March 17, 2007 — The setting for "Queen Mary Comin' to Freedom City," the portrayal of Queen Mary by Oceana James at the Frederiksted Clock Tower, was lovely Friday night.
The evening breeze was pleasantly cool, and the lights of Frederiksted Pier twinkled softly on the water. The event commemorated the 102nd anniversary of the death of Queen Mary, one of the greatest heroines of the Virgin Islands.
But there was something contradictory in this setting of newly completed construction, which welcomes tourists. It bespoke a colonial past that may have been at odds with the Queen Mary message of spirituality and pride.
James delivered the monologue, called a chautauqua, with passion and in a patois that made the time of the Fireburn of 1878 come alive. Queen Mary was a freedom fighter and this was a most serious uprising involving a fight for freedom and liberty, James said. The people were hungry and angry. There had been hurricanes and gales and no food to eat.
When Queen Mary decided to set St. Croix afire, she knew the children would be affected by her actions. They could take away her "pickney" (children), she said, but not her spirit. They arrested her, tied her up and dragged her through the streets to set an example. She spent 16 years in the Women's Prison in Copenhagen, Denmark.
The crowd attending the presentation numbered close to 100, representing people of different races and origins. After the chautauqua, the performance opened up for questions and discussion, with James remaining in character as Queen Mary. An audience member asked, "You weren't born here — why is that important today?"
Queen Mary was born in Antigua. James declared that it didn't matter where you were born, but where you spend your days, where you make your home. If you lived on St. Croix, you were a Crucian, she said. The crowd met her words with applause.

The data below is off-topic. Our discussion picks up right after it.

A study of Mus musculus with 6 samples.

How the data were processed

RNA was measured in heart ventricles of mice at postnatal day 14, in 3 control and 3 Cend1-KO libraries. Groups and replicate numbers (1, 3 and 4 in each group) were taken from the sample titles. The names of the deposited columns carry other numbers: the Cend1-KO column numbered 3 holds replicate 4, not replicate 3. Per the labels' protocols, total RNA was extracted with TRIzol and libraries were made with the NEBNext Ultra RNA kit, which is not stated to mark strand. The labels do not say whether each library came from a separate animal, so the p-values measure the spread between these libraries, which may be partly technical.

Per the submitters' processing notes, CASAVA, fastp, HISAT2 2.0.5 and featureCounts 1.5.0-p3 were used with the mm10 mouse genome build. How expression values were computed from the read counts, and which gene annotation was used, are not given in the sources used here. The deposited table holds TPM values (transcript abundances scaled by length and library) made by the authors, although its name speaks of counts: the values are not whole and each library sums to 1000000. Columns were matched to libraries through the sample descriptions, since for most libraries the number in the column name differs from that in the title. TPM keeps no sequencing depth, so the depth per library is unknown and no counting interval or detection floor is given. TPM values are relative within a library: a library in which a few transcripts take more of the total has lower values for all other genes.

Another questioner asked, "What message could you give St. Croix today?" Queen Mary said, "Do nothing less than what I had to do. Remember to carry on the same vibration."
Another questioner asked about true friendship without reparations. Queen Mary said the relationship between whites and blacks could not be mended until some sort of reparations were made, a statement met with a mixed response from the audience. One black man in the audience approached a white couple and said, "I really don't believe in this black-against-white stuff."
The presentation incorporated new research findings by local historian Wayne James. After the presentation, James said he has continued to come across information on the historical experiences of Queen Mary, with another public announcement about that information forthcoming. James said he has also recently discovered more historical information on Queen Mathilda.
This is the second year that Oceana James has played the role of Queen Mary. Last year she played her when Per Ankh first produced the Three Queens Chautauqua Series, which was sponsored by the V.I. Humanities Council.